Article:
Saturday, 3 January 2009

And then comes fear

As a Neil Gaiman fan I had a very satisfying Christmas as we received both our own copy of American Gods (which I have previously mentioned as making my all-time top ten list of favourite novels – which actually hasn’t yet made it to the full complement of ten) and Neverwhere. One brother-in-law shot to the top of favour. I also gave Mr Blithe The Graveyard Book for his immediately pre-Christmas birthday (yes I do admit to a level of self-interest there). Between them and the 700 or so pages of Jonathan Strange and Mr Norrell, which is a marvellously meaty and fantastical read from Susanna Clark, I’ve read almost my fill in the last few weeks.

I especially enjoy reading books at the same or similar time as my children or Mr Blithe as we can discuss them and haggle over the finer nuances. Gaiman always includes interview material at the end of his book, which provides more opportunities for analysis. In the supplementary material for Neverwhere I noticed the interactive process of his writing. Neverwhere originated as a television series script and Gaiman turned it into a novel when he got frustrated at what was removed in production, along the lines of “Fine, take it out. I’ll put it back in the novel.” It was further refined and rewritten when Avon Books wanted to republish it. The version we received was the “final” and “author’s preferred” version. Mr Blithe pointed out how Gaiman seems to work alongside other writers and gets a lot of input from readers and critics including family along the way. My favourite illustration of this is when he was on a train with Terry Pratchett hashing out difficult plot points in their respective novels. I would love to have been there.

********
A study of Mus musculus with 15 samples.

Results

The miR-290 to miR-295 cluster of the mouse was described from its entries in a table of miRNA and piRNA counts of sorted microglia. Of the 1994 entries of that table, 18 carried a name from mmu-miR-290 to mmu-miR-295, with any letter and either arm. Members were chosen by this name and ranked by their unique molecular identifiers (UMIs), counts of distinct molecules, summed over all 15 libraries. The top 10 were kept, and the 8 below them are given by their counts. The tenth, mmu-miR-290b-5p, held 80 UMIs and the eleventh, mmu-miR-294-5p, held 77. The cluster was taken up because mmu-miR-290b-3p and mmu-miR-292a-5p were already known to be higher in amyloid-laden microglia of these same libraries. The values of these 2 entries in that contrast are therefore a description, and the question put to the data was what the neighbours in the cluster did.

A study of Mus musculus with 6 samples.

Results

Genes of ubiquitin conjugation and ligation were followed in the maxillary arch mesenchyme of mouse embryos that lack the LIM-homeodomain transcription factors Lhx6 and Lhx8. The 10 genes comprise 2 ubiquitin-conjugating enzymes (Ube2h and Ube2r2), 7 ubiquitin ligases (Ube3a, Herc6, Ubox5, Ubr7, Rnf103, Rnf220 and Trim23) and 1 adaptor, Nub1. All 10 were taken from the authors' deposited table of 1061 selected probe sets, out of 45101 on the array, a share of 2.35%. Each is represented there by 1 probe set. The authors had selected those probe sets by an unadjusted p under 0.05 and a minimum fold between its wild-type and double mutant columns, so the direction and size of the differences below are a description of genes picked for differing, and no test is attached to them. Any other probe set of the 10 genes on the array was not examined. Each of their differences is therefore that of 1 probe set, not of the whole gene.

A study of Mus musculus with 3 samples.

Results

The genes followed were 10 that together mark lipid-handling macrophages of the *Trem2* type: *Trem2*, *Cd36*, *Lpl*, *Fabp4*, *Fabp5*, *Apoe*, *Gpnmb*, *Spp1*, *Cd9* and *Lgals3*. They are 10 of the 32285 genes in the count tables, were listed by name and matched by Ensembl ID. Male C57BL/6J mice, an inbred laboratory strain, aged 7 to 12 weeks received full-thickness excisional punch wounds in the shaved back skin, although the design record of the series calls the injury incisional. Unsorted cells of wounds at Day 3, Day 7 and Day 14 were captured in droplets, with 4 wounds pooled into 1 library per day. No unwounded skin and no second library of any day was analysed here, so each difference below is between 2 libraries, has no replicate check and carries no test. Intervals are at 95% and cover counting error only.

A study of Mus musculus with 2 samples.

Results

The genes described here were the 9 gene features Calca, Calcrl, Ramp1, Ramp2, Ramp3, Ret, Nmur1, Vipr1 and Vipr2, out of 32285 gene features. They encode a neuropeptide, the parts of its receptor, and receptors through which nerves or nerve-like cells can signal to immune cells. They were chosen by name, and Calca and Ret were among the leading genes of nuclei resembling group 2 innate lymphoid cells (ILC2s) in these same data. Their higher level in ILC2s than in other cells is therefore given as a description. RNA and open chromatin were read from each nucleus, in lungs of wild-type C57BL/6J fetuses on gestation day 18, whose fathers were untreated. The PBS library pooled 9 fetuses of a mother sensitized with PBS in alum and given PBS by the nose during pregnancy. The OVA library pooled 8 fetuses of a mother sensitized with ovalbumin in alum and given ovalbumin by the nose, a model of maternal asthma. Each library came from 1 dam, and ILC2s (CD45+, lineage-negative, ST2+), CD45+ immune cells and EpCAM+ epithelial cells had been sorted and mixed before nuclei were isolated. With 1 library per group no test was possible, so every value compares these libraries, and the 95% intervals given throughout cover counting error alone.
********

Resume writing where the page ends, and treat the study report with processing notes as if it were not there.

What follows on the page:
Flying with this point, I was brought back to earth by Mr Blithe’s observation that no-one has read any of my book. So he has gone off to “North America” as Blithe Boy insists on calling it with the manuscript so far tucked into his hand luggage.

Great, now I not only have to worry about intercontinental planes falling from the sky, his flying in small commuter planes to icy places and the possibility of his return to a wife finally driven around the bend by children on summer holidays, but also exposing my narrative baby to someone else’s eyes. I blame Gaiman entirely and that brother-in-law’s star is rapidly fading.